The annual Trustees reports have been released for Social Security and Medicare. Although there is a slightly better picture for Social Security, the reports show that both programs remain on a course for becoming insolvent in the future.
Also of note, the report also says that starting in 2020, the Social Security will run a deficit. The report summary states:
Social Security’s total cost is projected to exceed its total income (including interest) in 2020 for the first time since 1982, and to remain higher throughout the remainder of the projection period. Social Security’s cost will be financed with a combination of non-interest income, interest income, and net redemptions of trust fund asset reserves from the General Fund of the Treasury until 2035 when the OASDI reserves will become depleted. Thereafter, scheduled tax income is projected to be sufficient to pay about three-quarters of scheduled benefits through the end of the projection period in 2093.
So what happens when the trust funds become depleted? Do checks stop being issued?
No, but they will be smaller. As the quote above states, “…scheduled tax income is projected to be sufficient to pay about three-quarters of scheduled benefits through the end of the projection period in 2093.” In other words, the payments issued would be about 75% of what they are promised to be.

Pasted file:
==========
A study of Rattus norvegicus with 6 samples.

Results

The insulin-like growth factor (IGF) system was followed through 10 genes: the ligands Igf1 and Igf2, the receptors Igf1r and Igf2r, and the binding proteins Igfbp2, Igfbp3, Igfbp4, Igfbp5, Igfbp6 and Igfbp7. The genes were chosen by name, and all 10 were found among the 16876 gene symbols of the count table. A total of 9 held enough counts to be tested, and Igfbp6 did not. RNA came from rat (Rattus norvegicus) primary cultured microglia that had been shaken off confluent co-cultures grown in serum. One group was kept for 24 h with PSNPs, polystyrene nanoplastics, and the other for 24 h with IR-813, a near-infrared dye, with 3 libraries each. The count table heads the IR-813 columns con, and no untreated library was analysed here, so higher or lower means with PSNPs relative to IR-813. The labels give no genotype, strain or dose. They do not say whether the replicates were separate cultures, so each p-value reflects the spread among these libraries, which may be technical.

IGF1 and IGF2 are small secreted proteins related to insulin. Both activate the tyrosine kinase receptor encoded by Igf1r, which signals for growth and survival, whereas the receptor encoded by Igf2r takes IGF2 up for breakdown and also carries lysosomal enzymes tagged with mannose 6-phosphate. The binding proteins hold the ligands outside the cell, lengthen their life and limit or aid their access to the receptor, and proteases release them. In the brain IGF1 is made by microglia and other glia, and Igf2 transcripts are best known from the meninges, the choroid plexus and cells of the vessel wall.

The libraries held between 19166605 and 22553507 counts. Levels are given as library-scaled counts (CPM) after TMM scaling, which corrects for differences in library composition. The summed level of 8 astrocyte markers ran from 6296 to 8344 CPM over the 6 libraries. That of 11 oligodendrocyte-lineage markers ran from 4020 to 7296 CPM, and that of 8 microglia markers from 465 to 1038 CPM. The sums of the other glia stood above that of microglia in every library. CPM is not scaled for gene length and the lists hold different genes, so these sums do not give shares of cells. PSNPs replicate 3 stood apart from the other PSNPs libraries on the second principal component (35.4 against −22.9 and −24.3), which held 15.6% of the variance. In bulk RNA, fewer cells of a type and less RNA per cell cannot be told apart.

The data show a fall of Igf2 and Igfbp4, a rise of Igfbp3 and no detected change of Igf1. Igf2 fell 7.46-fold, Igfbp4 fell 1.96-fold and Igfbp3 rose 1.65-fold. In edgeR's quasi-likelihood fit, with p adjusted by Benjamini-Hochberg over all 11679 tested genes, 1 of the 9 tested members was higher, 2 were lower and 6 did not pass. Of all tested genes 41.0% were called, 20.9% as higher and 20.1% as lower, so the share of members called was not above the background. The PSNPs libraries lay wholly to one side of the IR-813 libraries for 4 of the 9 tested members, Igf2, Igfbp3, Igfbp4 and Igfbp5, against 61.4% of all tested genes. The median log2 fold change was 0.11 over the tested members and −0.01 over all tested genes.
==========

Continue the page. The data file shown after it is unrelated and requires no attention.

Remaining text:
Medicare has two Trust Funds: the Hospital Insurance (HI) Trust Fund and the Supplementary Medical Insurance (SMI) Trust Fund. The 2019 Medicare Trustees report projects that the HI Trust Fund will pay full scheduled benefits until 2026 after which time it will become depleted. This is the same projection as was in last year’s report.
After it becomes depleted, the share of scheduled benefits that can be paid from dedicated revenues is 89% for the remainder of 2026, declines slowly to 77% in 2046, and then rises gradually to 83% in 2093.
On the plus side, the SMI Trust Fund SMI, which includes Medicare Parts B and D, is expected to be adequately financed over the next 10 years and beyond because income from premiums and general revenue for Parts B and D are reset each year to cover expected costs and ensure a reserve for Part B contingencies. The monthly Part B premium for 2019 is $135.50.
The Trustees project that cost growth for Medicare Part B over the next five years will average 8.3% and 7.3% for Part D. This is approaching double the annual GDP growth rate of 4.7% over the same time period.